A new searchable database compiled by Military Times from DoD-released data has raised a lot of questions from military personnel and families who lived on those locations.
In the March report, DoD named hundreds of water sites on bases around the world where some type of water source tested for higher-than-recommended levels of perfluorooctane sulfonate (PFOS) or perflourooctanoic acid (PFOA.)
The compounds are linked to cancers and birth defects that were concentrated in the foam the military has used to put out aircraft fires since the 1970s.
The report identified water sites such as an on-base drinking system; off-base drinking system and multiple water monitoring wells drilled on or near military property.
In a follow-up interview, Maureen Sullivan, deputy assistant secretary of Defense, Environment, Safety & Occupational Health, further explained the data and addressed key questions.
Sullivan emphasized that since EPA’s health standards on the PFOA/PFOS exposure are just advisories, and have not been made into federal regulation, DOD is voluntarily complying where it owns the water, but the non-regulation has complicated efforts where DoD relies on an outside vendor or municipality.
Some of these foams have been used for decades. Did DoD ever test for this before, like in the ‘70s or the ‘80s?
“No, because there was no indication from EPA that they had concerns about it being in the drinking water. It was just a foam that we used,” Sullivan said. “The science on these two compounds really wasn’t emerging until much later. It wasn’t until EPA came out with [a 2012 monitoring rule] that they said “we’re interested in finding out if it’s pervasive in the drinking water.’ So that was our first indication that they were interested.”
From a DoD perspective, it seems there’s been some internal awareness, as early as the ‘90s?
“Correct. That was about the availability. So under a separate part of EPA – under the toxic substance control act, they have the authority on compounds entering commerce. They were evaluating whether or not they wanted to restrict the compound entering commerce. So we [DoD] were interested, if the compound was not going to be available in commerce, whether we would have the compound we needed to meet our firefighting needs.”
What are the long-term fixes?
Sullivan stressed that each site is different. Now, each location will be added to the EPA’s Superfund list. The long-term fix will include Preliminary Assessments and Site Inspections (called “PA/SI” in the database.) The studies will ultimately result in remedial actions including cleanup that could take up to a decade or more to complete.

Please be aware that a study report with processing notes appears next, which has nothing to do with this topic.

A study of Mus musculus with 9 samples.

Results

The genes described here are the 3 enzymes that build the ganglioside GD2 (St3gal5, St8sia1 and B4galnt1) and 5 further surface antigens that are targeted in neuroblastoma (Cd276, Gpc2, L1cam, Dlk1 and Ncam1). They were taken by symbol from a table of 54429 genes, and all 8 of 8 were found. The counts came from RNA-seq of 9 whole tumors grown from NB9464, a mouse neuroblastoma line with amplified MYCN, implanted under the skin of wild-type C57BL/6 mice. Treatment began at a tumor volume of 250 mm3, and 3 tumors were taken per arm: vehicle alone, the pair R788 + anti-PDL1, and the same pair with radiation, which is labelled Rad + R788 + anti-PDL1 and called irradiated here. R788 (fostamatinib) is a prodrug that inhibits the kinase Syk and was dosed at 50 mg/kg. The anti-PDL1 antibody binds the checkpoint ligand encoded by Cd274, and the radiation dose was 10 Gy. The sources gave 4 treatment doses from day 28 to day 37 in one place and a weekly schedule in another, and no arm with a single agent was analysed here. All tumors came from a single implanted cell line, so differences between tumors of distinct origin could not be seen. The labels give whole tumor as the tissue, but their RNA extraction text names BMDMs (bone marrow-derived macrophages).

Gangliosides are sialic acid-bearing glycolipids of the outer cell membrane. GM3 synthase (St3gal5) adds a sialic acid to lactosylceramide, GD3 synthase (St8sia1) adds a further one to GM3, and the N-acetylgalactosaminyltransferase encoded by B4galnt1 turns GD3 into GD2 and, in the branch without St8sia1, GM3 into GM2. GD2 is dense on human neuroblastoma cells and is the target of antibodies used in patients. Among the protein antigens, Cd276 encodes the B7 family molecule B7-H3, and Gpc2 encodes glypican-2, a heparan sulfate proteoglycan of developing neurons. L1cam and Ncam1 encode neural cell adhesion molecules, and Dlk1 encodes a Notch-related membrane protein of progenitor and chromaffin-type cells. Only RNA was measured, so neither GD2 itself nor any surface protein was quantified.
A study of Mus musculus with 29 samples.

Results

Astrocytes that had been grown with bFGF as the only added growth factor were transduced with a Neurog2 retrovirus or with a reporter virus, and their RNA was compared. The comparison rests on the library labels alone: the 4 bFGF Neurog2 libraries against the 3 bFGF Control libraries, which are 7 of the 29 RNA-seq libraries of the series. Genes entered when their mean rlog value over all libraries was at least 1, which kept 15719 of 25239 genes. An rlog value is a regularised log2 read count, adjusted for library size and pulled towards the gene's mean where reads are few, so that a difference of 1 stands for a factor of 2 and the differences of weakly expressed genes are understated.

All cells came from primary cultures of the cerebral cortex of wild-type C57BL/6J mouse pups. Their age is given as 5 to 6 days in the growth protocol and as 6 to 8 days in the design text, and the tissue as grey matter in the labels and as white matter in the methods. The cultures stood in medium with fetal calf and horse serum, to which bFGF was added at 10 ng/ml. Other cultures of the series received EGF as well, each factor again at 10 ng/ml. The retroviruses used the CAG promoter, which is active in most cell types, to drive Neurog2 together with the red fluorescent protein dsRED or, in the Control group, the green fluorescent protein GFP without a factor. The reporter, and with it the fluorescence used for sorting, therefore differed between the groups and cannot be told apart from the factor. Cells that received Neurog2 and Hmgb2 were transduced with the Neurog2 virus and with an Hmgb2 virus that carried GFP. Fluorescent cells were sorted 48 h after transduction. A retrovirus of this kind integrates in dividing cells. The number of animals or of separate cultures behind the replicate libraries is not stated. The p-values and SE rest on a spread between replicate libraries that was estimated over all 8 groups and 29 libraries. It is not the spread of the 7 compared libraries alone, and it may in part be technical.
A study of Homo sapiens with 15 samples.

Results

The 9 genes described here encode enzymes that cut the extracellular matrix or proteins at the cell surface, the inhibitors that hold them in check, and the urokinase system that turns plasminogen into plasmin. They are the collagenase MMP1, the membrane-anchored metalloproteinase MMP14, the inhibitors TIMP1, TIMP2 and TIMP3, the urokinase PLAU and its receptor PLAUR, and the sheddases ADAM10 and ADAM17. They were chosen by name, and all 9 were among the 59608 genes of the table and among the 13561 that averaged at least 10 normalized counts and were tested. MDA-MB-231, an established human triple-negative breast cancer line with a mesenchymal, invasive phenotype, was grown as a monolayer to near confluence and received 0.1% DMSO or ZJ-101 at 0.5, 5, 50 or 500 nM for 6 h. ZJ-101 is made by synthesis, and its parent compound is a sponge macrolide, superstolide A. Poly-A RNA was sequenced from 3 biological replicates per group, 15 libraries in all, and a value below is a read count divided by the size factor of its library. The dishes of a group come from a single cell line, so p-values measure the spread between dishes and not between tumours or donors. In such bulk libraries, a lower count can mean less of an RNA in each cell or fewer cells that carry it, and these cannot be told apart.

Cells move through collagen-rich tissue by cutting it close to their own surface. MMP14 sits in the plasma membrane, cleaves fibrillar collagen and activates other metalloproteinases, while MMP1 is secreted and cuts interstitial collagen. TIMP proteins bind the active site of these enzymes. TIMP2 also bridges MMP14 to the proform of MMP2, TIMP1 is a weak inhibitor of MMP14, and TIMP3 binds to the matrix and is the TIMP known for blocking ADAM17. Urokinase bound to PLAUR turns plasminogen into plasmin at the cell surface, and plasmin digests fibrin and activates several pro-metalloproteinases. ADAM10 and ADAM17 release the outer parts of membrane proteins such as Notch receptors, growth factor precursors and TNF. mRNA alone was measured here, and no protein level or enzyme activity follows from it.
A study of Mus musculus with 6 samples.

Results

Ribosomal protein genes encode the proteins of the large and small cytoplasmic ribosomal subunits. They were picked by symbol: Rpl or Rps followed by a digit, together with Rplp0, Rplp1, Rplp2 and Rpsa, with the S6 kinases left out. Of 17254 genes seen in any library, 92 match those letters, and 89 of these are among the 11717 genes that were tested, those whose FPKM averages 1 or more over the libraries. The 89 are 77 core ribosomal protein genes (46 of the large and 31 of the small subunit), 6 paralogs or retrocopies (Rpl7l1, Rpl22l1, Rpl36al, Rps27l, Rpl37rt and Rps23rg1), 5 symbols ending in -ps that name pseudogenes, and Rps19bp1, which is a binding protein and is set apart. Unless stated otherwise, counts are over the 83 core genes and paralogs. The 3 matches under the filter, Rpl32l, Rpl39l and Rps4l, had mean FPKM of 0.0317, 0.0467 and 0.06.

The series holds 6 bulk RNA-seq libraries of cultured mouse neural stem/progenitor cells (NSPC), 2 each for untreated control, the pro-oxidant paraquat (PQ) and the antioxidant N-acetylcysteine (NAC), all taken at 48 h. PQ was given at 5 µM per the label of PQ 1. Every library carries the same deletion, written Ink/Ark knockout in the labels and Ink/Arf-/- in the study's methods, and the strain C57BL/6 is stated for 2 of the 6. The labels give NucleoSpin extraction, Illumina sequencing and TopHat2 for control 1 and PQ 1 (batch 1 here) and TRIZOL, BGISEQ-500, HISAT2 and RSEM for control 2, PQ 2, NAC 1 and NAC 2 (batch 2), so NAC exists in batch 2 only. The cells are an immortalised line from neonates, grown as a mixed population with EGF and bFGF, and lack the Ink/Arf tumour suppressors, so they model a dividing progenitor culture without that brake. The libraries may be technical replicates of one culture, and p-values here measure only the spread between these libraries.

Sullivan also explained the multiple types of contaminated sites DoD identified in the report and explained the different types of actions taken. Each base has slightly different solutions.
Sites of contamination:
Drinking water on base, where water was supplied by DoD: In these cases DoD has taken actions to cut off the contaminated drinking water supply from the population. For example, the database reports that the Army’s Belmont Armory in Michigan has a contaminated drinking water source. Bottled water has been provided to armory personnel and the base is looking into filtration systems.
Drinking water on base, water not supplied by DOD: In cases where DOD contracts water, such as from a local municipality, it has worked with the provider on a fix. At U.S. Army Garrison Benelux, in Belgium, for example. personnel are using bottled water until a longer-term fix can be found.
Drinking water off-base, where DoD was a source of contamination: DoD has worked with state and local health departments to address exposure. For example, the database reports that at the Army’s Camp Grayling training center in Michigan, contaminated water systems found on base were addressed by the Michigan Department of Health and Human Services and the department installed almost 60 filter systems.
Monitoring wells, both on-base and off-base: Sullivan stressed that not all the water locations identified were feeding into drinking water sources. At many locations, DoD tested groundwater sources by digging a monitoring well.
“A drinking water well is different from a groundwater monitoring well,” Sullivan said. “Not all groundwater is drinking water. We have sunk wells to look at, ‘Where is the groundwater, and what is the extent of the contamination?’”
“But that water is not used for drinking,” Sullivan said. “It’s just to figure out what the scope of the groundwater is, how far it extends, [and] if there is something in that water, how far it is out. You may have a hot spot there and you’ve got to figure out how far has that contamination spread, [and] the impact of that compound spread.”
The solutions for each monitoring well varied. For example, at the Air National Guard base in Horsham, Pennsylvania, carbon filters have been added to DoD drinking water supply wells on base and to nearby private and municipal wells. DoD has also offered alternate water supplies to both.